After the close last night, semiconductor company Ambarella
(AMBA 43.09, +2.55, +6.29%) issued better-than-expected 4Q19 earnings of $0.14/share with revenue
essentially in-line at $51.1 mln, down 28% year/year. The maker of chips for
high definition applications also issued downside guidance for 1Q20, seeing
revenue of $47.0 mln vs. the $50.2 mln consensus.
However, despite those uninspiring headline numbers, the stock popped higher this morning, trading at its highest levels since last June. Primarily driving today's strength is a sense from investors that the worst is now behind for the company as impactful collapses in consumer-related products -- notably including that of GoPro (GPRO) cameras -- are believed to have mostly run their course. At the same time, the company's investments in computer vision technology made during the past couple of years looks poised to return the company back to growth.
In fact, during the earnings call last night, management stated that the gradual ramp of computer vision revenue from the professional security camera market and a declining impact from the consumer electronics business should result in AMBA's quarterly revenue stabilizing in 1H20 and returning to growth in 2H20. In our view, this statement is the confirmation that investors had been looking for and is what is mainly driving the stock higher this morning.
For the quarter, AMBA posted EPS of $0.14, comfortably beating the $0.04 consensus. The upside performance was driven by stronger than expected gross margin, which came in at 60.6% compared to the company’s guidance for 59.0-60.5%. This reflected a more favorable product mix than had been expected.
AMBA also kept a lid on operating expenses, which were up a
modest 2% year/year to $45.0 mln. Still, due to the steep drop in revenue,
operating income dove to ($14.4) mln compared to $1.4 mln in 4Q18.
Revenue fell by 28% year/year, marking the sixth straight quarter of year/year declines. All of the decline for this quarter resulted from ongoing declines in consumer-related revenue. The good news, though, is that wearable and sports cameras now only represent about 10% of revenue. As the category becomes smaller and smaller, negative impact from softness in the space will be lesser and lesser.
As wearables and sports cams have become less significant, security cameras and automotive products have become more prominent, with both businesses increasing revenues in the mid-single-digit percentage range to represent a stronger majority of the overall business in fiscal 2019.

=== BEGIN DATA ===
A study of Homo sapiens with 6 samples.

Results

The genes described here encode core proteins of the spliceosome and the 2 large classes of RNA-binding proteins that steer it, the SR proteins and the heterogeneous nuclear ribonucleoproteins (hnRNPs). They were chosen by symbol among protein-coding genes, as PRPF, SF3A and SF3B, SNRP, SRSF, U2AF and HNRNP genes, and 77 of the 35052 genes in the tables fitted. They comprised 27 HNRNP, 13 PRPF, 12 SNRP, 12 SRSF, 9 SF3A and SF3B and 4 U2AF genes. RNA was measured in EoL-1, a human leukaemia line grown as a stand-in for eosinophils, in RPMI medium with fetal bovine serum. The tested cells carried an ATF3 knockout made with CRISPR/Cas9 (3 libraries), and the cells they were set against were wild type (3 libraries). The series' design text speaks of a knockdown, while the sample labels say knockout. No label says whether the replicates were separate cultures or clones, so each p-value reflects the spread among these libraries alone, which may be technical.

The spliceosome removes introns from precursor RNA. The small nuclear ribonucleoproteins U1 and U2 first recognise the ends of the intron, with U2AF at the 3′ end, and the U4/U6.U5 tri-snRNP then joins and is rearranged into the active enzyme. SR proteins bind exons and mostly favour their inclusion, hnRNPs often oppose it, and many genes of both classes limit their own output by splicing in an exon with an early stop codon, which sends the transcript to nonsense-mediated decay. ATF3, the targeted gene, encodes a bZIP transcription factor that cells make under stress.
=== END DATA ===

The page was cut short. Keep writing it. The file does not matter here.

What most investors are interested in, though, is AMBA's progress in the computer vision (CV) segment. CV technology includes methods for acquiring, processing, and analyzing digital images and, in combination, using data from real world surroundings in order to make decisions and/or automate functions that people do. It is prevalent in autonomous driving and driver assistance as well as in advanced security systems.
AMBA has commenced mass production of its CV22 chips and the company says it is seeing strong design activity, specifically for applications like electronic mirrors, aftermarket drive recorders, interior drive and cabin monitoring, and autonomous driving systems. In fact, in January, AMBA shipped its first mass quantity order to a camera supplier.
The company also introduced its latest System on Chip product for its CV family, the CV25. Cameras using CV25 tech will be able to utilize artificial intelligence, allowing features like facial recognition to happen in real time on a device. As an example, in smart video doorbells, CV25 can automatically recognize familiar faces approaching the door, flag unknown people, recognize license plates, and alert homeowners when a package is delivered.
Going forward, the company plans to focus on three core markets: surveillance, automotive, and robotics. The advanced driver assistance system market already has a total addressable market north of $1 bln, representing a substantial opportunity for AMBA by itself. In total, AMBA is confident that it made the correct decision to invest in these markets -- about $250 mln over several years -- and it plans to continue directing most of its investments toward technology in these areas.
AMBA is moving in the right direction, and the worst does seem to be in the rearview mirror, but it isn't out of the woods just yet. During the call last night, management commented that order volatility, a slowing economy in China, and global trade tensions are creating some uncertainty. On top of that, consumer electronics revenue will continue to slide over the next couple of years.